Published on August 4th, 2014 |
by Laura Collings
Image © 2010@Russavia http://creativecommons.org/licenses/by/2.0/deed.en no changes made
Domestic Violence in the UK: Are we doing enough?
A number of domestic violence victims are being placed in possible danger as a result of the soft approach taken by police when dealing with complaints, the Labour party has warned. Yvette Cooper, the Shadow Home Secretary noted in a speech last week that women were being let down due to an increasing number of cases which are being resolved using Community Resolutions.
A ‘Community Resolution’ is deemed to be suitable when a minor offence or anti social behaviour incident has occurred and it sees the parties involved solve the issue informally without the involvement of the courts. Labour claim that an offence as serious as domestic violence should not be privy to such an approach, and most of us would agree that violence towards a current or ex partner should be met with greater investigation. For those men and women who have been the victim of such an attack sitting down to meet an amicable outcome may not feel like justice. Of course there is also the very real concern that letting offenders off with such a lenient process – that in some cases does not even result in a criminal record – may leave victims open to future attacks.
Gary Shewan the Assistant Chief Constable of Greater Manchester Police has been quick to highlight that perhaps Labour’s focus upon Community Resolutions is somewhat overzealous, as in fact only 1% of domestic violence cases are dealt with in such a way and when we consider there are over 1 million reports of domestic violence each year, it is only a very small amount. Labour and Yvette Cooper deserve credit for raising the issue of domestic violence and challenging the way police are dealing with it. However, it is difficult to see why the focus is so intensely upon the use of Community Resolutions when we are recording numbers into the millions for domestic violence claims.
Statistics of this magnitude are a shocking indictment of not just British society but also ‘our’ society. In a population of 63 million, it is possible that for every 63rd person you walk past in the street, meet at work or see in the supermarket may have experienced some form of domestic violence. It is important to keep in mind that a large proportion of domestic violence cases are not reported, those, which are reported, often do not represent the first time it has happened to the victim.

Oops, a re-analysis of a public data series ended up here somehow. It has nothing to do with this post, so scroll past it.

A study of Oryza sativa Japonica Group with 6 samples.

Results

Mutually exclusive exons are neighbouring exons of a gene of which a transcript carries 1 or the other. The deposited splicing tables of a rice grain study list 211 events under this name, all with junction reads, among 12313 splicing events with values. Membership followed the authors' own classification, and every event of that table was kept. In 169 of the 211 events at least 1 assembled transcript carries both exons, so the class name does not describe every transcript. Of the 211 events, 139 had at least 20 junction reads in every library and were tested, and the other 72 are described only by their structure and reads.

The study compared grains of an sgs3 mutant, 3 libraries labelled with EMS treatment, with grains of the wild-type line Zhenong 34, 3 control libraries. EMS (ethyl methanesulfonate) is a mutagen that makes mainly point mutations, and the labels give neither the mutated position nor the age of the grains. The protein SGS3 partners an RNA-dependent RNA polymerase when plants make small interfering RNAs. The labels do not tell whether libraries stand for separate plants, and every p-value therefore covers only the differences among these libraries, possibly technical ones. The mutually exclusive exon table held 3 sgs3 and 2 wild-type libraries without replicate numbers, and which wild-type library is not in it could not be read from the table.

We absolutely should push to ensure that those who are found guilty of domestic violence receive an appropriate sentence, but we must also seek to take a more holistic approach to the issue as well. That is about addressing domestic violence as a whole and its causes.
Labour and Yvette Cooper have largely referenced the experiences of women at the hands of violent partners. This is understandable as women are still disproportionately affected by domestic violence in comparison to their male counterparts, often holding fewer resources and support networks to get themselves out of violent relationships. One third of all reported cases of domestic violence are, however, experienced by men. Tackling domestic violence should not be built upon gender or designated to just men or women as victims or perpetrators. It should be considered an issue about how we treat others in our society, and the level of violence in our relationships; often in relationships with those we are meant to care the most about.